Wednesday, June 16, 2010

Speaking the Unspeakable (and you know what I'm talking about!)

In a recent Toastmaster competition, I decided to cover about a subject to which members only allude. It is usually referred to only euphemistically, sending the message that says, "You and I both know what I mean here, but I better not say it out loud." Yes, this dreaded topic is...
(drum roll, please)

Yes, let me repeat that. it's SEX!, for goodness sakes.
In a time when our children face unwanted pregnancies, the threat of sexually transmitted disease, and rampant misinformation, and disinformation, about the sexual relations. So I decided to take this on, and have fun in the process. (Click here to see the video.)
I wrote a speech about the time I spoke with my son, Francis, about sex. I needed to have this discussion with him earlier -- when he was only 8 years old. I thought there was a lesson in there, so I constructed this speech. However, I thought that it was risky to even approach this subject, so I followed this strategy:
  1. OPEN WITH A JOKE. This put the audience at ease right away.
  2. ACKNOWLEDGE THE SUBJECT OF THE SPEECH UP FRONT, ALONG WITH OUR RELUCTANCE TO SPEAK ABOUT IT. By doing this, the audience felt they were in on the joke. It also gave them "permission" to let themselves go and enjoy the speech. (However, it was then incumbent upon me to treat the subject with taste.)
  3. EMPATHIZE WITH THE AUDIENCE'S SENSITIVITIES. I acknowledged their own discomfort with the subject with humor and made myself one of the audience members in that regard.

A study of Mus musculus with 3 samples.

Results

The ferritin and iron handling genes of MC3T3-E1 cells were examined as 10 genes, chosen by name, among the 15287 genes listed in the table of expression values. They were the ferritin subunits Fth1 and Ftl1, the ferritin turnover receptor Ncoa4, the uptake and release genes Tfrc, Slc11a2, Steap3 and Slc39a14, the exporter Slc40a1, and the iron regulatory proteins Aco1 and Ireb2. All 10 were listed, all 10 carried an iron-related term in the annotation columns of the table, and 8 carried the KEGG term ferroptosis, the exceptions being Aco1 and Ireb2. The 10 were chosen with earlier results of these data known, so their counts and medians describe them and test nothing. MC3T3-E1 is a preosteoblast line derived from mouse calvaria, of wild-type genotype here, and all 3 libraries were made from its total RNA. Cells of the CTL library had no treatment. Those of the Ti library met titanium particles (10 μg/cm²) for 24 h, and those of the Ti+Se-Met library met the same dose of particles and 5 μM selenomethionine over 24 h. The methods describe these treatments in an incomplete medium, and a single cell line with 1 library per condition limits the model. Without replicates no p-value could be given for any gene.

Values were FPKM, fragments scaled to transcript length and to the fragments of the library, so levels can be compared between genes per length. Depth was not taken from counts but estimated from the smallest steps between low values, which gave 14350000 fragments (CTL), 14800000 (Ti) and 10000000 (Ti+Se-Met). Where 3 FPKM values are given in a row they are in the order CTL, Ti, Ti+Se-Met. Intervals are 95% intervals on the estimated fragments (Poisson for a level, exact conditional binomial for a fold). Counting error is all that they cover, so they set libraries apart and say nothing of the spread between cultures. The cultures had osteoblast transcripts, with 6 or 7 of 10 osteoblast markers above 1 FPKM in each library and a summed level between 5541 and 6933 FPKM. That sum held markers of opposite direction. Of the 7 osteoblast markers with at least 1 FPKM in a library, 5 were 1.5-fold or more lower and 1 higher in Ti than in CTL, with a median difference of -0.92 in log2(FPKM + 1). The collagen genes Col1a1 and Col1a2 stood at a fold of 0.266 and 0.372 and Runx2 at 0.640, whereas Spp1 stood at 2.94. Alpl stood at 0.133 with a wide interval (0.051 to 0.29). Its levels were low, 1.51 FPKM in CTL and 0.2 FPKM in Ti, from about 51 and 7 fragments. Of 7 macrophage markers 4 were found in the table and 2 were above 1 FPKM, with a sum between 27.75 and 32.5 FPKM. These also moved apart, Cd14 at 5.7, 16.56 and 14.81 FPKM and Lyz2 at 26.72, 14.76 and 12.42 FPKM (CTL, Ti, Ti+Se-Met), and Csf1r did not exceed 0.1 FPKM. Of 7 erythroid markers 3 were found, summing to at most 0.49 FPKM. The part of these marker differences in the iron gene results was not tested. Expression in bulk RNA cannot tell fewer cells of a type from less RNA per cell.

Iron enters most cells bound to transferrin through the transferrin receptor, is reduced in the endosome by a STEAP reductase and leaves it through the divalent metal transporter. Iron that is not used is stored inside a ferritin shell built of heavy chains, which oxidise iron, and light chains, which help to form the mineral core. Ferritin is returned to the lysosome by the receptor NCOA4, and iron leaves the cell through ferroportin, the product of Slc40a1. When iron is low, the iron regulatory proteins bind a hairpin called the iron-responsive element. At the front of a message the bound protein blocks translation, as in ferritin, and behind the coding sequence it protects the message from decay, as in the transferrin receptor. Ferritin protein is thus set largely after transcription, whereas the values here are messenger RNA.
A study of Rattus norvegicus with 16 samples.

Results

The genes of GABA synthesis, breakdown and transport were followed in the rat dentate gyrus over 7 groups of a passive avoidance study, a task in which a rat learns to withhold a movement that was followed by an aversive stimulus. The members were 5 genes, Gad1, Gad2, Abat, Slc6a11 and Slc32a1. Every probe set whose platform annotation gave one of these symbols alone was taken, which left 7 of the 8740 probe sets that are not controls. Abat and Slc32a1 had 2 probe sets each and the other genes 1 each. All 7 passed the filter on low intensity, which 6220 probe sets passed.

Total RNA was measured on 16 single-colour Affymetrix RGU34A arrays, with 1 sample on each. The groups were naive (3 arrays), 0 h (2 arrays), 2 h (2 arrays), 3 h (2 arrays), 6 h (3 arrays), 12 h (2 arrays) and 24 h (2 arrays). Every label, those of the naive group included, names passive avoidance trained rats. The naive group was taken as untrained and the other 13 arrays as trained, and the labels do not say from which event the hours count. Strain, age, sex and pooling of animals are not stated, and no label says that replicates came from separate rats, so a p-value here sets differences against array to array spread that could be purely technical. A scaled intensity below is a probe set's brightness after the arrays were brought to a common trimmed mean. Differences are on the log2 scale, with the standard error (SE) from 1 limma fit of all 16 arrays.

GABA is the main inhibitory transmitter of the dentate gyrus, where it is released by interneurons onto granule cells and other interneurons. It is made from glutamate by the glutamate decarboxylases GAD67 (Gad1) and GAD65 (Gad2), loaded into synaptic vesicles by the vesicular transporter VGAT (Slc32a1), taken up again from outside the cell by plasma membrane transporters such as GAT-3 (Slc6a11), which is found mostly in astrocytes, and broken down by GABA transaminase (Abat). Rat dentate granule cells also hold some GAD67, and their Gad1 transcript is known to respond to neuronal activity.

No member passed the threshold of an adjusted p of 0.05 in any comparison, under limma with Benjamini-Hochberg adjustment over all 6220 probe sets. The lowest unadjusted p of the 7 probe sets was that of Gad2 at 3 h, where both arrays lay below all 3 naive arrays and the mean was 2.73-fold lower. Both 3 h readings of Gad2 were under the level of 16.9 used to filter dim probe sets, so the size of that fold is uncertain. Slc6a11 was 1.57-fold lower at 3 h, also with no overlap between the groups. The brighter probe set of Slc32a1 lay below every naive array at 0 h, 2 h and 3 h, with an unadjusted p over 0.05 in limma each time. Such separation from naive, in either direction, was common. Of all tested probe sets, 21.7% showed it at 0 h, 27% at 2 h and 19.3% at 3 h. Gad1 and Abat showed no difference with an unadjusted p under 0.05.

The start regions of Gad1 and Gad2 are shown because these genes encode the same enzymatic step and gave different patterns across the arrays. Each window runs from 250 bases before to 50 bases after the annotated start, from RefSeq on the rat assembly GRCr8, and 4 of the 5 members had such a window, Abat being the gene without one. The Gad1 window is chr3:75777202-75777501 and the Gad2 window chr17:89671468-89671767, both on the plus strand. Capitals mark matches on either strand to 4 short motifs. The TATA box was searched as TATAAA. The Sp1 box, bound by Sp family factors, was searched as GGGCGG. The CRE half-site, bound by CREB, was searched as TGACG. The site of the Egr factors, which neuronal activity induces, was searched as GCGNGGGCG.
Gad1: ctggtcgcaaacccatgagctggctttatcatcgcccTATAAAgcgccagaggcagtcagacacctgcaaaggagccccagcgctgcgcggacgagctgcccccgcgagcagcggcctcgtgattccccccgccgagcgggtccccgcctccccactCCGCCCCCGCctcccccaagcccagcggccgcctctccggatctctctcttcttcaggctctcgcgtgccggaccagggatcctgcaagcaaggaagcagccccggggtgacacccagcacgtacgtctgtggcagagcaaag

4. PUT THEM IN THE SITUATION. I was once advised TO "be the speech;" don't just deliver the speech. I introduced the audience to Francis by portraying him as a child, and I acted out the situation that led to the discussion.
  5. GIVE YOUR MORAL TO THE STORY. A subject as important as this doesn't exist in a vacuum. The story was not the very fact that I had the discussion with Francis. It was that I took my responsibilities as a father seriously and imparted my values to him. The moral I gave may not fit your morals, but I hope you would respect that, as I would respect whatever you chose to tell me.
The speech was well received, as you will hear when you view the video. More important, I felt that I had broken some ground with my colleagues in Toastmasters on tackling a previously verboten topic.

Monday, June 14, 2010

BP Teaches Us Just How Bad Communication Can Be

Let's get to the point: BP was not only unprepared for the oil spill they have caused, but they deceived the public, and possibly themselves, about their level of preparation.
I will turn this space to Mr. Dick Polman, columnist for The Philadelphia Inquirer. The utter incompetence of BP, combined with the company's mendacity, is stultifying.